Duchess Meghan and Prince Harry encourage followers to open up about their mental health during coronavirus pandemic

By Heather Cichowski

Duchess Meghan and Prince Harry encourage followers to open up about their mental health during coronavirus pandemic


It's totally normal to be feeling tons of emotions – or not even know what you're feeling! – as the world deals with the coronavirus pandemic. That's why it's important to prioritize our mental health and wellbeing as we engage in other expert-recommended practices, such as social distancing and nourishing our bodies.

Prince Harry and Duchess Meghan want to ensure fans are looking after themselves during this trying time related to COVID-19. On March 20, the Duke and Duchess of Sussex posted a message on the Sussex Royal Instagram account that read, "Today I feel _____." The caption goes into detail about our feelings and provides resources for those feeling stressed and/or anxious.

"With everything going on, it’s a lot to take in. Many of us may feel confused. Or alone, or anxious or scared...and in isolation, some of us may just feel bored, or that you don’t know what to do with yourself without your normal routine," the Sussexes wrote.

"It’s perfectly normal to be feeling any of these things."

They said this might be an unprecedented situation, but it's not totally different from the way our emotions are brought up in everyday situations.

"Our emotional well-being is challenged everyday whether we realise it or not, but our lives are usually filled with distractions," the post continued. "Now with constantly changing COVID coverage, we are all adjusting to this new normal and the feelings that come with it.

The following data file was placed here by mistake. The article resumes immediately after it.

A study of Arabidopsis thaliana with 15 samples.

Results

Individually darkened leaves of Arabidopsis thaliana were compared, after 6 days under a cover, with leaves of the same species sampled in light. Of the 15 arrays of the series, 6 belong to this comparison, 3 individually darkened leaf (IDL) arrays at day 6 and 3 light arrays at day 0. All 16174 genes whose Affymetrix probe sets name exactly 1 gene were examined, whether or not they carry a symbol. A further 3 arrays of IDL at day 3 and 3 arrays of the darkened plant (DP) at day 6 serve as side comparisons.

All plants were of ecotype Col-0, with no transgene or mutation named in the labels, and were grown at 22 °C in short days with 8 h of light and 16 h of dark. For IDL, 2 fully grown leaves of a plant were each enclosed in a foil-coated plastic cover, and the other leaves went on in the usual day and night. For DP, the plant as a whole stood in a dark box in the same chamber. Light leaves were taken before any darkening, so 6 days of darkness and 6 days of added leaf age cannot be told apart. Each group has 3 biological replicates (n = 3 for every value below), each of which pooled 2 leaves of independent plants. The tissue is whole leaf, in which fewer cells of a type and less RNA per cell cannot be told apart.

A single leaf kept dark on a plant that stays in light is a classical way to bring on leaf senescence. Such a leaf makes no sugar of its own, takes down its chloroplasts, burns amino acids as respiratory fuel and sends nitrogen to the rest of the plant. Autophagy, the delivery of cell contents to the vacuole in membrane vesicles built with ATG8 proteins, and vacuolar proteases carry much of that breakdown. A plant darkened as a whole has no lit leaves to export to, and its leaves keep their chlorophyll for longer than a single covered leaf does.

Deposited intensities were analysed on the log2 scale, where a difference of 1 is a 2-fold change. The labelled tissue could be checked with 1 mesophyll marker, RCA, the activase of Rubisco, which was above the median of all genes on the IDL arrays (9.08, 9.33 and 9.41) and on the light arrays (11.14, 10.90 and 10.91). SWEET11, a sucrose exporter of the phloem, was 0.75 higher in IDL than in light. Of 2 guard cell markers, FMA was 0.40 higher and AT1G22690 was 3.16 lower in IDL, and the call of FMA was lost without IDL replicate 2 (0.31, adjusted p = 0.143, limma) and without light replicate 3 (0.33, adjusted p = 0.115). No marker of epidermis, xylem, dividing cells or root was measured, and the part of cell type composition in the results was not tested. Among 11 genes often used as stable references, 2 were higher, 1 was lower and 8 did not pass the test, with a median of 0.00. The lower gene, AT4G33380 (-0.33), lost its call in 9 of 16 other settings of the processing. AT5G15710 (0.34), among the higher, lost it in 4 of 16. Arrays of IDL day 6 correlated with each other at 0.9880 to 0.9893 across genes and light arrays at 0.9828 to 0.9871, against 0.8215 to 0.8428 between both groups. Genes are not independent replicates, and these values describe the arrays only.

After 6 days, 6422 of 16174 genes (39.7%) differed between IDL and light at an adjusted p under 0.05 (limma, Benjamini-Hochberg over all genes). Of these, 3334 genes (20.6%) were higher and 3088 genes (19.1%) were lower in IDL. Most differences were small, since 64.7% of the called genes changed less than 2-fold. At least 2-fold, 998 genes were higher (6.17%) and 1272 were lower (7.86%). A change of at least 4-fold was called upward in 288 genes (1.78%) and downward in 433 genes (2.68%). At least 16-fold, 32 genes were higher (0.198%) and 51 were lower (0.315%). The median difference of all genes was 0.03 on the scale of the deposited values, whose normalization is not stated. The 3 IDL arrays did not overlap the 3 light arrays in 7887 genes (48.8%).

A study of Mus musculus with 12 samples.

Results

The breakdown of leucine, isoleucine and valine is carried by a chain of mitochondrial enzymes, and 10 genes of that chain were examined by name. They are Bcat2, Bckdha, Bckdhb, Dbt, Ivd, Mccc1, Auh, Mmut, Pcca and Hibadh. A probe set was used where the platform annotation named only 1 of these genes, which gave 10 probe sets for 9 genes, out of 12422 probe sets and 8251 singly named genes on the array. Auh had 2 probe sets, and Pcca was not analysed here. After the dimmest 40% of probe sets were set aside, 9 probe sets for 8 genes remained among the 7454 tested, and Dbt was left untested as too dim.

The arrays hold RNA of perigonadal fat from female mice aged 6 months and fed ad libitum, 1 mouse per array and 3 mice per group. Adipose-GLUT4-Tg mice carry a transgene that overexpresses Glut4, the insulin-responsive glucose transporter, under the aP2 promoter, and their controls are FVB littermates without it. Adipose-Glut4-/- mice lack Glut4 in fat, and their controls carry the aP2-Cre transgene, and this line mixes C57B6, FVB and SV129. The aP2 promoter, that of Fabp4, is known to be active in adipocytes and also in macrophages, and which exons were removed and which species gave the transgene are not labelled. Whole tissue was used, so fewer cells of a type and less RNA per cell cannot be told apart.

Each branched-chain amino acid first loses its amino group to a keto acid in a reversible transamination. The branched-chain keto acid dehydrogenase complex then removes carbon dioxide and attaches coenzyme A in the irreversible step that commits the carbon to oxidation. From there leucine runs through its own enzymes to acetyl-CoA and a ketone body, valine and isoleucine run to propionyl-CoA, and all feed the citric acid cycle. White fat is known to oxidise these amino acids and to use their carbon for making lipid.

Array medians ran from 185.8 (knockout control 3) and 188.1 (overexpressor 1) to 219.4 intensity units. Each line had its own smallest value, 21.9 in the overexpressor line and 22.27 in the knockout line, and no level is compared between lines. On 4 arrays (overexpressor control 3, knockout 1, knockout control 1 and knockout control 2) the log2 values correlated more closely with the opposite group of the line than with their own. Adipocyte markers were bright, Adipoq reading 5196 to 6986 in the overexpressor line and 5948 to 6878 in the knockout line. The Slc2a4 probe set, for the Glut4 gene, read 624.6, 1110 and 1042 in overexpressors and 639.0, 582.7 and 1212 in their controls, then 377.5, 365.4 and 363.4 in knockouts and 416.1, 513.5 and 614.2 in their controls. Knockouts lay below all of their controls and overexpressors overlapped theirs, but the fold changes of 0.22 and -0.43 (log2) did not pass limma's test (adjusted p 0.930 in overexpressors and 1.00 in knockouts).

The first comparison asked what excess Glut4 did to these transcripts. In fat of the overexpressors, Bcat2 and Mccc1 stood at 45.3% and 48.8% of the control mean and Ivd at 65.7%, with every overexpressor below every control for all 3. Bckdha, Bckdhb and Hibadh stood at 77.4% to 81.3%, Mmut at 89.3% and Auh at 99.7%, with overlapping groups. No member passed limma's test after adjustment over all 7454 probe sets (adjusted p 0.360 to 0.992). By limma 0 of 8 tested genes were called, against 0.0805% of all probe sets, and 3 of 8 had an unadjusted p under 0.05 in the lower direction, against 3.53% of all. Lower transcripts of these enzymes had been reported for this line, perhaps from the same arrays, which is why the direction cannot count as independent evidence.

"But here’s the good thing (because right now we need to hear good things, right?): Yes, there is isolation and physical distancing, but there doesn’t have to be loneliness."



They also encouraged those who are feeling emotionally vulnerable to not suffer in silence.

"If you feel alone, overwhelmed, depressed, or anxious, you can text one of these lines and talk it through," they said.

"If you are in an abusive relationship and now find yourself in isolation with your abuser, these counselors are there for you. You do not need to suffer in silence.

"And for those of you who don’t feel comfortable texting with a stranger, reach out to your friends, family and colleagues. Phone calls and video conferencing are such a great way to feel more connected - ask if they’re okay, tell them how you’re (actually) feeling, and use this time to really listen for the answer."

"If there is someone you know and are worried about, your text may be the thing that saves their life," they said in closing.

Fans are responding by openly sharing their feelings. Some say they feel blessed for the happy moments in their lives to while others are writing about being anxious and overwhelmed. Others are feeling uncertain or a mix of emotions.

In addition to providing resources, the Instagram post is creating a sense of community among commenters where they feel comfortable enough to express how they're going through emotionally in this difficult time.

MORE: The Queen releases message of hope in which she encourages everyone to do their part to defeat coronavirus

Harry and Meghan's mental health post comes after they promised to share "information and resources to help all of us navigate the uncertainty" on their social media channels.

On March 18, they made the promise in an Instagram post that featured the quote, "This moment is as true a testament there is to the human spirit."



Harry and Meghan have made mental health a focus through many of the causes they have previously supported. The Duke of Sussex and Oprah Winfrey have an upcoming Apple TV+ series that's reportedly centred around mental health. The Sussexes also highlighted the Bell Let's Talk campaign on social media earlier this year.

The prince has also been outspoken about his own mental health, having revealed the difficulties he went through as a result of the passing of his mother, Princess Diana, when he was just 12 years old.

At the time of writing, the World Health Organization (WHO) states there have been more than 209,000 cases of coronavirus in 168 countries, areas and territories. Canada has 846 of those cases, according to Health Canada data. The illness has caused more than 8,700 deaths worldwide.